Back in the game


BACK IN ACTION Ger Flanagan’s Balla GAA teammates in action during a challenge game at the weekend. The return to football action post Covid is evidenced by the individual water bottles for each player, one of the guidelines set for returning to action.

Returning to sport
Ger Flanagan

WALKING onto a football with the smell of freshly cut grass in the air is a strange pleasure that I only realised how much I actually missed over the past few weeks as the GAA pitches across the country opened for business.
It’s a shame that the baking sun we were blessed with during lockdown hasn’t hung around since the GAA Return to Play roadmap has unfolded but beggars can’t be choosers.
The return to play has meant that a minimum of three evenings a week are spent back at Nally Park doing those dreaded lung busting interval runs, tackle boxes, various shapes and sizes of endurance drills and that legal torture otherwise known as the yo-yo test.
But it’s all good and other than those few moments where your head is quite literally spinning and you’re seeing stars from the lack of oxygen in your body, this writer wouldn’t want to be anywhere else.
Even the tight hamstrings and the feeling like you’ve been hit by a bus the following morning after a hard session were missed.
Yet aside from all the actual football related activity that we were yearning for this summer, the return of the social side of the game – so often under-appreciated – has been dearly missed.
It’s hard to comprehend the simple pleasure of now being able to meet up with the lads a few times a week, having the craic before and after training, the brutal but beautiful slagging, the bollockings for a bad pass followed by the unwritten rule that what happens on the field stays there. Even the simple catch up conversations are enjoyable.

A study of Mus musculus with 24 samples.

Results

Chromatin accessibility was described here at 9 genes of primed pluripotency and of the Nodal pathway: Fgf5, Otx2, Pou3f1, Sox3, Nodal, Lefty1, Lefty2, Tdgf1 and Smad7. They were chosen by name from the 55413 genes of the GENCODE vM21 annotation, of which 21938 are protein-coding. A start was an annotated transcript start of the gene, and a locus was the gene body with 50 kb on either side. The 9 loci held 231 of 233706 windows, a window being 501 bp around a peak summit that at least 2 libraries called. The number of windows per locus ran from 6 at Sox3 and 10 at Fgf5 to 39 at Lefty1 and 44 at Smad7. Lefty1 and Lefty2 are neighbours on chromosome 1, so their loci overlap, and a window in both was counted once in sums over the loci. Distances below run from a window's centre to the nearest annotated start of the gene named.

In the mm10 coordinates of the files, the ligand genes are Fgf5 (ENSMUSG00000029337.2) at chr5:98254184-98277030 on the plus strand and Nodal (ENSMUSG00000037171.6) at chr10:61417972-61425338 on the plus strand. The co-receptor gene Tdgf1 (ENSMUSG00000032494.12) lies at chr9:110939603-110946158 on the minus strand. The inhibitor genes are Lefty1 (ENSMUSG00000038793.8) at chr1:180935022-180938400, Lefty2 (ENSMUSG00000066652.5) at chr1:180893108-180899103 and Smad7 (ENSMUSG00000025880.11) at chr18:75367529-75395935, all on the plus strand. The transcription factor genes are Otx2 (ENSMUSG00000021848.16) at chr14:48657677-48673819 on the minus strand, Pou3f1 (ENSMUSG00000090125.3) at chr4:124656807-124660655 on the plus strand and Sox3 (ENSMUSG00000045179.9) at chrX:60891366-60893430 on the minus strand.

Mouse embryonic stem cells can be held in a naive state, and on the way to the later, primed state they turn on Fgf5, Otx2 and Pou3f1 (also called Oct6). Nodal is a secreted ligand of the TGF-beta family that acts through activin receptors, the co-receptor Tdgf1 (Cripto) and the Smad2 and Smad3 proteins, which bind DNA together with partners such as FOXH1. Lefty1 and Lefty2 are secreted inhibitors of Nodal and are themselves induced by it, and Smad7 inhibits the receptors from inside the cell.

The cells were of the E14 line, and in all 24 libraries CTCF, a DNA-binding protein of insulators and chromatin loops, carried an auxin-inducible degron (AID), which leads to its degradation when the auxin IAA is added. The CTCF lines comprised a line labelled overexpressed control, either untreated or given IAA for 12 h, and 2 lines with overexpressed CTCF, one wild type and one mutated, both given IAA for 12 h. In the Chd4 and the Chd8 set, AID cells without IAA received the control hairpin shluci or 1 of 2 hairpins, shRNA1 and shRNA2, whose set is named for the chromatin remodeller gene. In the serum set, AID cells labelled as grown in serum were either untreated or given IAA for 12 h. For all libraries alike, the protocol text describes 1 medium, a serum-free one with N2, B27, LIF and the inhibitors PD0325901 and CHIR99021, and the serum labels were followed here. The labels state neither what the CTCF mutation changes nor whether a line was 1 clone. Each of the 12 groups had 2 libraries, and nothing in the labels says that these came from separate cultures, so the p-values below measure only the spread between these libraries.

You’d miss the different shapes and sizes of characters on your team too.
Take for example Jack Harte emerging from lockdown with a mullet that would put any in 1980s icon to shame, or Podge McLoughlin who decided to grow out his hair and beard to raise money for the Western Care Association. It’s a sight to behold.
You’d even miss Shea Benson’s questionable excuses for missing training, or Gerry Murphy’s refereeing of in-house games.
The point is that the GAA provides so much more to a community than a ball being kicked around by 30 players on a field. When you take all the external benefits of that away like what happened in lockdown, you get a deeper sense an appreciation for our national sport.
Sure, life in the new normal for a GAA club is much different than what it is now. The sanitising, the online health checks, not having access to the dressing room. Plus there’s the elephant in the room that is the possibility of going back into another lockdown.
But the hunger for the sport right now is huge. Commitment from players and numbers at training are at an all-time high, and only last week a very healthy crowd turned out in the lashing rain and socially distanced themselves to watch our first challenge match post lockdown against Lahardane.
To be kind to ourselves and Lahardane, the football was rusty at best, but seeing the smiles and excitement on peoples faces afterwards, or being able to dissect the game in Roche’s Centra on the way home, was as normal as the world felt since last February.